Nanmu (Chinese: 楠木) is a type of wood that was frequently used for boat building, architectural woodworking and wood art in China. Ming Dynasty era writings indicate this wood as superior durable softwood. A recent excavation of a tomb in Lija village in Jing'an County, Jiangxi Province found 47 coffins made of nanmu wood that are reported to be about 2500 years old dating back to the Eastern Zhou Dynasty period and belongs to the Dongyi State of Xu.
The trees that produce nanmu wood are evergreens that have a long straight trunk which grow to 35 meters in height and one meter in girth. More than 30 varieties exist which are found south of the Yangtze River. There are also nanmu trees on Hainan Island and in Vietnam. Yangmu nanmu is found in Sichuan. Zinan nanmu is found in southeast and south central China. Zinanmu nanmu is found in Jiangsu, Anhui, Zhenjiang. Zhennan nanmu is found in Guizhou and Sichuan. The finest of all the nanmu woods is Hongmao Nanmu from Hainan Island.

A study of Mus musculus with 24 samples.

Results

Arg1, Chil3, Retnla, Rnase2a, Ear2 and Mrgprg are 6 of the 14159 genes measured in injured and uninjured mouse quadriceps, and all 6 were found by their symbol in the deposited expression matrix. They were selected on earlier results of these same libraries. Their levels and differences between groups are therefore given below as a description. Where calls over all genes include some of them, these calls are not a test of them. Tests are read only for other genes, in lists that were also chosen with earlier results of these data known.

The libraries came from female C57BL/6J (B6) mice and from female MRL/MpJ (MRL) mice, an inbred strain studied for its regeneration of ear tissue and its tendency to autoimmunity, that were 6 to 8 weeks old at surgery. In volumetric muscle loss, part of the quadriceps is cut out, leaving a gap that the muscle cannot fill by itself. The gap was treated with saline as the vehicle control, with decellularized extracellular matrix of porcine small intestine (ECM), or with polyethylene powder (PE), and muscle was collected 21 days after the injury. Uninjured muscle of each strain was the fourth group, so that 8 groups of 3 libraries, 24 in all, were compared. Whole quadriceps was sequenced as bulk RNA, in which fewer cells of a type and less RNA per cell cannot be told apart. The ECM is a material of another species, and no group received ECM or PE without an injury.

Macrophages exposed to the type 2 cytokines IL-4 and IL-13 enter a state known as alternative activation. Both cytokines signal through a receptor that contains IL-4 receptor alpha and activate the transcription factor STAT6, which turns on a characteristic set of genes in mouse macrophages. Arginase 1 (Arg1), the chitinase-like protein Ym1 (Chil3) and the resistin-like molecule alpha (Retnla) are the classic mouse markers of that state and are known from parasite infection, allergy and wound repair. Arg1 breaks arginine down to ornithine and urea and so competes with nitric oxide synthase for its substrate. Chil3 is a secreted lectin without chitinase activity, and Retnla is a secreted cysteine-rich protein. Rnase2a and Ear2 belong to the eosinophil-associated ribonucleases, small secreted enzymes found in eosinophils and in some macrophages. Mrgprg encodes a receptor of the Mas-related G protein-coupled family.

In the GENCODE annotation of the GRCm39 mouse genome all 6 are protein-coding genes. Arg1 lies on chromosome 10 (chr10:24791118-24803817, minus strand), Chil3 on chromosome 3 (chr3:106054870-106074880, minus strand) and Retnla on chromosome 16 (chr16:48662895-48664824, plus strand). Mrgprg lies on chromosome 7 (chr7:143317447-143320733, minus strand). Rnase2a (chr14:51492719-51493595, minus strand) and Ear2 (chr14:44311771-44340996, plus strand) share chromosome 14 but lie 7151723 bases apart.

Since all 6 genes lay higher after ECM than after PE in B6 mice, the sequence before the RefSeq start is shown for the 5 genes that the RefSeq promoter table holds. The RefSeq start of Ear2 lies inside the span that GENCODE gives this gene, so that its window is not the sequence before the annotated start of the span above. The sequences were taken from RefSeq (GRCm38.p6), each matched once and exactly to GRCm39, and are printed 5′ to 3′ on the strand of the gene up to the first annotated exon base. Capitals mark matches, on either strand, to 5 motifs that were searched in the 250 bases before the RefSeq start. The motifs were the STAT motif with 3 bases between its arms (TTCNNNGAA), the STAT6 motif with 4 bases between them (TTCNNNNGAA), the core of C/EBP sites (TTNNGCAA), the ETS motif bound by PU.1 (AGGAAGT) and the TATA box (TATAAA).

Nanmu wood comes from several species of tree, including:
* Phoebe nanmu
* Nantou litsea
* Konishi nathaphoebe
Nanmu is a very knotty wood. It does not react to humidity and temperature much in the way of expansion or contraction and makes superior furniture which tends not to get loose or crack because of changes in climate. Nanmu woods that are lighter in color and have loose grain are considered inferior.
Nanmu was used in architectural woodworking and boat-building due to its resistance to decay. The wood dries with little splitting or warping. After drying the wood is of medium-density and does not change shape. Nanmu can be sanded to a mirror finish.